Quinton Peron and Napoleon Jinnies are changing the face of NFL cheerleading: 'It's time not to assimilate anymore'
Los Angeles Rams cheerleaders Quinton Peron and Napoleon Jinnies are making history in more ways than one.
While Peron was always an athlete, he wasn’t sure that being a pro dancer was possible for him.
“I played basketball and baseball for 12 years — was great at it, but I knew it wasn’t it,” Peron told In The Know. “The minute I saw tWitch on So You Think You Can Dance, and he was a Black guy, looked just like me. He was dancing, he was jazz hands-ing, hip-hop dancing and all that stuff. That was when I was like, ‘Oh, this is it — I can do it, there’s a lane for me.'”
Peron decided to audition for the L.A. Rams on a whim. He knew some of the female dancers at the tryouts and decided to join them, not really expecting much. According to the Rams, cheerleading auditions had always been open to all genders, but Peron and Jinnies were the first men to ever show up.
“2018 was a year that changed my life forever,” Peron said. “And to think that a decision that I made on a whim would end up making history and opening the doors to so many people just like me who just wanted a place to dance and wanted a place to perform and wanted to show that, you know what, I’m a professional as well.”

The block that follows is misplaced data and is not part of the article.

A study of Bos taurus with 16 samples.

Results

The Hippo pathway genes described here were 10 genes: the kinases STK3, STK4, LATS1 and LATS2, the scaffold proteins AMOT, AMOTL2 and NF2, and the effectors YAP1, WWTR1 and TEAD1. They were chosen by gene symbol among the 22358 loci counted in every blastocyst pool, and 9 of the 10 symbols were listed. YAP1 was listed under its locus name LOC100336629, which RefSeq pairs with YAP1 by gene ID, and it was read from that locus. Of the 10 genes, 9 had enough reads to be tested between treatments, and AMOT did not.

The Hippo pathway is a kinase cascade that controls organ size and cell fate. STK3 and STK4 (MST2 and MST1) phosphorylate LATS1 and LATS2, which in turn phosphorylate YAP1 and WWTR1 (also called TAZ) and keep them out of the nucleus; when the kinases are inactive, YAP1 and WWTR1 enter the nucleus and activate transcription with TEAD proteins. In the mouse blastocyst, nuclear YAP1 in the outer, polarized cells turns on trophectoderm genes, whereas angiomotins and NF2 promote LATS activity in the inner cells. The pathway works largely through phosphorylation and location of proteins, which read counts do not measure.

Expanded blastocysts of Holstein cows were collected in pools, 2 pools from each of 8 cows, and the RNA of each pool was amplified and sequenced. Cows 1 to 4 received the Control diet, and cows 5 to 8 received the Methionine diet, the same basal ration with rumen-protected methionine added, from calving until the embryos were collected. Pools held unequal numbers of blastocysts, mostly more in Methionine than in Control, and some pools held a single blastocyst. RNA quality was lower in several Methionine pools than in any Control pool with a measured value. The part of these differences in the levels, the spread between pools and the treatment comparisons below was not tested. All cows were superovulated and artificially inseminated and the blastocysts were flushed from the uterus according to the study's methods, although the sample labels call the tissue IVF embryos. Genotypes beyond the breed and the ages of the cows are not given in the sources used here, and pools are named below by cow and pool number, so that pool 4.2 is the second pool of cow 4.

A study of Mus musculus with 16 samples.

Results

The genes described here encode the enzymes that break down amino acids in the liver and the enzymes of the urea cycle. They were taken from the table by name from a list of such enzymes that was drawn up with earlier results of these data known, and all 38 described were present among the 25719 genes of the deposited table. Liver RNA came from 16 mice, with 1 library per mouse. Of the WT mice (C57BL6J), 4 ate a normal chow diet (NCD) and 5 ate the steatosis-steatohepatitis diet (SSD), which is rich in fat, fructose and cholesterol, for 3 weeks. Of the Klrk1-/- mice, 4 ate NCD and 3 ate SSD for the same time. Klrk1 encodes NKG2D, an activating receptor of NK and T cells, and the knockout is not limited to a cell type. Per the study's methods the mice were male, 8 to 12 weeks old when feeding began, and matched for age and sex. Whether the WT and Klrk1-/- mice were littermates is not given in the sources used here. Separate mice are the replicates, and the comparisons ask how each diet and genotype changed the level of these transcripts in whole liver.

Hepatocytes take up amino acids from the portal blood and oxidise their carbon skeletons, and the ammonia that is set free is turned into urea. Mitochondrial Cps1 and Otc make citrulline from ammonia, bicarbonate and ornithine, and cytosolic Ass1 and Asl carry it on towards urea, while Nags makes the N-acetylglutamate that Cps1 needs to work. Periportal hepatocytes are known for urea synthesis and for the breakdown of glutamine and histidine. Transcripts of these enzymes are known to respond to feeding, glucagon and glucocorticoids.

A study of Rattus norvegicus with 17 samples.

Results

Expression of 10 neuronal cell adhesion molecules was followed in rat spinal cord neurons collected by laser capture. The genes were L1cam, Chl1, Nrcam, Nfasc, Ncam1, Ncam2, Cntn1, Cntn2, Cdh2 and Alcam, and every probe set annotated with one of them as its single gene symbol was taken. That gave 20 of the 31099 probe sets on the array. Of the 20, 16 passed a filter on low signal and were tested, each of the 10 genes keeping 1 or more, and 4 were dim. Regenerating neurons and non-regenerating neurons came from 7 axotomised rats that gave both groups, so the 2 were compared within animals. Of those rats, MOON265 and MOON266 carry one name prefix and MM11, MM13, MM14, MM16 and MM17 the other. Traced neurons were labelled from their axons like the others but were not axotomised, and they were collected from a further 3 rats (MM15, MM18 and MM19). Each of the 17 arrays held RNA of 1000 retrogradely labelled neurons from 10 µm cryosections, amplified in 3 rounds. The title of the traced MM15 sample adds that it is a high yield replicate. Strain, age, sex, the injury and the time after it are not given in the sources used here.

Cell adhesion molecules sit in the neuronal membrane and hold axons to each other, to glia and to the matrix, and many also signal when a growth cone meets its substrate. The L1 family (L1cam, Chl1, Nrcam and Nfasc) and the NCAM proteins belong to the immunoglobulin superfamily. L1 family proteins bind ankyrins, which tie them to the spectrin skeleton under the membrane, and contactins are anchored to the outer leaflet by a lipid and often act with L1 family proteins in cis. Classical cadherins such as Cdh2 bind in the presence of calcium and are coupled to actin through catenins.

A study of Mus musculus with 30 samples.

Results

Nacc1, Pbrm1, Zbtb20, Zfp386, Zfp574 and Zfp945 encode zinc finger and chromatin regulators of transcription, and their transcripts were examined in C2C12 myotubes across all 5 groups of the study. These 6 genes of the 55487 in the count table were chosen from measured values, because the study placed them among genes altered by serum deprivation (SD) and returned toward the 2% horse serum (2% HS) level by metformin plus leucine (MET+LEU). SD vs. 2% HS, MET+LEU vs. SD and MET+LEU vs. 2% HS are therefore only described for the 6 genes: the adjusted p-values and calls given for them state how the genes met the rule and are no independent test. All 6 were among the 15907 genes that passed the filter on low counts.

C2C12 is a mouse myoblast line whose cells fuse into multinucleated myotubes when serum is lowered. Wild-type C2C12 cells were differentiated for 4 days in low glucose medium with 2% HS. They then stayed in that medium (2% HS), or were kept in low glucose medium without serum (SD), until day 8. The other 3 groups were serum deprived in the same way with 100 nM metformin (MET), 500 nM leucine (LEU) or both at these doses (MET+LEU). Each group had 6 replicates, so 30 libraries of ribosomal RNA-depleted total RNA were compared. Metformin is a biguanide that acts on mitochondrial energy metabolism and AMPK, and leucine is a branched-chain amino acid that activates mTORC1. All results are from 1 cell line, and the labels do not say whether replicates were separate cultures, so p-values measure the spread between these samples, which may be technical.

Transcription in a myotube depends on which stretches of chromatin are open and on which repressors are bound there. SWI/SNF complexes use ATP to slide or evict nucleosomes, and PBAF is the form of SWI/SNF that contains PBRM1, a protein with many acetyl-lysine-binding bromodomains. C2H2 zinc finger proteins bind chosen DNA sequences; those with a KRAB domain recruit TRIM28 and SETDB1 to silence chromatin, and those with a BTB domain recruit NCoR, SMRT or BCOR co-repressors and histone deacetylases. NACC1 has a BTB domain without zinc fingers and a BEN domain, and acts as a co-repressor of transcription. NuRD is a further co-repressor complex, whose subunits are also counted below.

Jinnies, who also works as a makeup artist, is making his mark on the Rams in his own way too.
“Being bullied at such a young age for being different,” Jinnies recalled. “[It] just made me stronger to handle all that this industry entails. So it helps me out in the long run.”
The two dancers were seen cheering from the sidelines at the 2019 Super Bowl, and the reaction was overwhelmingly positive.
“We didn’t expect it to be as big as it turned out to be,” Jinnies said. “I think we knew it was a big deal for our dance community, but then to see the ripple effect and the reaction that the rest of the world had was amazing. And then we took it all the way to the Super Bowl that year.”
For Peron, who’s a dance teacher, being able to show his students that dreams can come true is what keeps him motivated.
“It’s so exciting for them — especially the ones that I first started with, so exciting to see those kids see the growth from when I first started dancing and choreographing one of their first solos and stuff,” Peron said. “I think that’s what keeps me going and want to keep showing that anything is possible. It’s crazy to see the journey, and just like I’ve seen their journey, they see my journey.”
Meanwhile, Jinnies’ path to the Rams has been one of self-acceptance and actualization.
“Live your authentic truth,” Jinnies said. “My youth was kind of spent, I guess, living a lie of myself, a different version of myself. It’s time not to assimilate anymore, [it is time] to be happy and inspire.”